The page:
Coach Your Employees. Avoid These 4 Mistakes!

By Steve Hansen, PCC. Recently I was coaching Tyler, who has two teams of 4 people each. We talked about what it takes to be an effective coach. While he had some experience using coaching as a method to help his team develop, he was feeling like he was not very good at it. As we began to look at his coaching behavior it became apparent that he was making four common coaching mistakes along the way. 

1. Tyler was talking too much

First, he was talking too much. Coaching is about understanding the other person’s thoughts and perspectives. Tyler needed to listen more, ask more questions, and let the conversation unfold with more silence on his part. He needed to give more time for clarity to come to the team member. The point is to remember you are interested in what your team members’ views are. The more open ended the questions you use, the more likely you will get to know their point of view.

2. Tyler was giving advice

While he was doing too much of the talking, he was also giving advice and/or direction rather than asking the open ended questions that would help his team member better understand what their next steps should be. As coaches we say “Ask, Don’t Tell.” This can be difficult when the answer is so clear to the manager. But helping the team member learn and become clearer about what to do by asking questions is a powerful developmental strategy. 

3. Tyler was forcing solutions

Another thing Tyler was doing was pushing for a solution to solve the issue quickly. This brings to mind the aphorism that “you can’t coach at managerial speed.” Coaching requires slowing down to let the team member come to a deeper understanding of what’s possible. Slow down, focus your attention and questions to facilitate more awareness for your team member, and let their discovery be your guide for further questions. I suggested that if Tyler didn’t have time to coach in any particular moment, it’s appropriate to give managerial direction and leave the coaching for when there is more space to slow down the action.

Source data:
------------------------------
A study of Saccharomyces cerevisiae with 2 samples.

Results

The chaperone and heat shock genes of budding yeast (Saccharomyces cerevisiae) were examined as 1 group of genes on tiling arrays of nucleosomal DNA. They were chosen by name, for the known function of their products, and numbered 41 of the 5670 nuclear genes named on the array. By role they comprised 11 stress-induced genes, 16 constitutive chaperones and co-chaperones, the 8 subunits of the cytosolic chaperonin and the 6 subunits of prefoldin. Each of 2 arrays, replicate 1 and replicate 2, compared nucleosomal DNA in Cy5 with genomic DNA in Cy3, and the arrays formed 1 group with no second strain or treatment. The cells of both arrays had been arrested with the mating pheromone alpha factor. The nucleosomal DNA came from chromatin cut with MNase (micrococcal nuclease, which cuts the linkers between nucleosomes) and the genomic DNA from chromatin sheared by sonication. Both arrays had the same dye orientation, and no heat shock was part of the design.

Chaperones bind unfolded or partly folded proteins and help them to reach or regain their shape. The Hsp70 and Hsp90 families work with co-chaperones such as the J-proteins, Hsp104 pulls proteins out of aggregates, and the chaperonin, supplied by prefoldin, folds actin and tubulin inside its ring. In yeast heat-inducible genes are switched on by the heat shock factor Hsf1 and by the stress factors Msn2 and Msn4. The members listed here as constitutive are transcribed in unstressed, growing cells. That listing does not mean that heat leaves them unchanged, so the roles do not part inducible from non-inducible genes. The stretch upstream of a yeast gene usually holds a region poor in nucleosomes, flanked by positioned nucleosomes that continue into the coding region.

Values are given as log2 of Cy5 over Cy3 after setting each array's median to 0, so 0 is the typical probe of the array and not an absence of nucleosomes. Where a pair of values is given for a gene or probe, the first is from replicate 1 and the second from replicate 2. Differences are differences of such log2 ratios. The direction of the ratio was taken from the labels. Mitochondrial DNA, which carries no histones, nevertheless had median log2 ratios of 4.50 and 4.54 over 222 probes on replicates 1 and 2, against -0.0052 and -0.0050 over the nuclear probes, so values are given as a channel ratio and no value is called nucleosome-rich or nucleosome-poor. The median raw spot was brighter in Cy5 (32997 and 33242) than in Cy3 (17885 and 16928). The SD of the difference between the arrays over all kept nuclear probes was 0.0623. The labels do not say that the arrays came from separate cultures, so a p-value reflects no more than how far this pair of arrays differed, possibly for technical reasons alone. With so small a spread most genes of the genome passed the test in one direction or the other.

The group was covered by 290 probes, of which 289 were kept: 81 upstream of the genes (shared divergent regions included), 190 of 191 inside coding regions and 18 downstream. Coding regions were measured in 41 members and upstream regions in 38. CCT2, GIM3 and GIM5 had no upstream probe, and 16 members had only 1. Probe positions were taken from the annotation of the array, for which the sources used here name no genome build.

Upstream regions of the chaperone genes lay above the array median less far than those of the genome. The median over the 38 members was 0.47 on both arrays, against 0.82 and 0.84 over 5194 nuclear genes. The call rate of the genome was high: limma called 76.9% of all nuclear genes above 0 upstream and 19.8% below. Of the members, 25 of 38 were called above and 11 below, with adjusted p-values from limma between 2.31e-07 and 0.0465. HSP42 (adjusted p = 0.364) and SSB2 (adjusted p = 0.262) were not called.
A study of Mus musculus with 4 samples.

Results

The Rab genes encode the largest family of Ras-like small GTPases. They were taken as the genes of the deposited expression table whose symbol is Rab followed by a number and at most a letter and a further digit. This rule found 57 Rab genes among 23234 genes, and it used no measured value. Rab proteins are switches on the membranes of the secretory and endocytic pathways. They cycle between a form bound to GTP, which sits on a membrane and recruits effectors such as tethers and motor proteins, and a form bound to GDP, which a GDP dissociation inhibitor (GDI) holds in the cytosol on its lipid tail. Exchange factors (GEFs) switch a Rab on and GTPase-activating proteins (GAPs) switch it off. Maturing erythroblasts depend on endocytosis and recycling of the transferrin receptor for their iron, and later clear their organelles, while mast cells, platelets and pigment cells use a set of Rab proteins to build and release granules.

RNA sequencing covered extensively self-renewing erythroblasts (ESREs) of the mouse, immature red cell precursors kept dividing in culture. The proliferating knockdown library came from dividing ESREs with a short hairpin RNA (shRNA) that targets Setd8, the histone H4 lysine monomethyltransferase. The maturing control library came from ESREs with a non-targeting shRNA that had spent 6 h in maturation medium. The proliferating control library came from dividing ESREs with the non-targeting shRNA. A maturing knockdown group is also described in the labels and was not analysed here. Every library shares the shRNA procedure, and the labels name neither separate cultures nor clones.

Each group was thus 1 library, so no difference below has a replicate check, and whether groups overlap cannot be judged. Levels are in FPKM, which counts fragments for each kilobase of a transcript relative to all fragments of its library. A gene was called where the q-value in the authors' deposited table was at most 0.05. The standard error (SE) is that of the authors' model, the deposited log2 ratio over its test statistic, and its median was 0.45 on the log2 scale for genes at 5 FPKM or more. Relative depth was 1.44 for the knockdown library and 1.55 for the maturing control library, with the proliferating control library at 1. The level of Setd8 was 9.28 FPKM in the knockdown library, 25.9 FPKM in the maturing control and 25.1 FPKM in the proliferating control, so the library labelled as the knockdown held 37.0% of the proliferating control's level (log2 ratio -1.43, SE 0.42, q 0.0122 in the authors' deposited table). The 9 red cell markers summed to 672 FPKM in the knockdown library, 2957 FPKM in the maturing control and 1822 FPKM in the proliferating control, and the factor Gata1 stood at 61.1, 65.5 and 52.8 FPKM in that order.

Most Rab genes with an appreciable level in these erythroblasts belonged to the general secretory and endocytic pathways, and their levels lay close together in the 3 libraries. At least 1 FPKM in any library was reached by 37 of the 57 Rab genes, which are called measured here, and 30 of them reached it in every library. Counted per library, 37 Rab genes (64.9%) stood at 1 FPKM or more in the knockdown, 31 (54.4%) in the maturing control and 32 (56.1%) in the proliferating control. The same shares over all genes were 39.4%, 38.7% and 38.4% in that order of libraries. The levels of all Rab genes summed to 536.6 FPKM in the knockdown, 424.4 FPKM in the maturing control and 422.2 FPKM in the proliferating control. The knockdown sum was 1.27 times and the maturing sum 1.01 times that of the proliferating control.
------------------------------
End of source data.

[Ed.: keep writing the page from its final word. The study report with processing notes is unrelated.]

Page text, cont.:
4. Tyler was not questioning assumptions

Finally, Tyler was not challenging team members enough when coaching them. People make decisions based on assumptions, and he was not challenging those assumptions when he felt they were not true. As coaches we need to listen to what’s said with a critical ear so we can ask better questions to help broaden the awareness of our team members. Just accepting their perspective may not move the conversation forward enough to create the learning that’s needed in the moment. You don’t have to accept what you are being told at face value. It’s okay to push back with an open ended question that challenges their assumptions or point of view.

Coaches create a learning environment

So listen, ask good questions, slow down, and challenge your team members’ assumptions in order to create the learning space needed for successful coaching. As a developmental tool, coaching can help create more awareness about what successful and effective management and leadership behavior looks like. Isn’t that what we are all looking to create after all?

To learn more about coaching your employees and strengthening your leadership skills, schedule a consultation with Steve.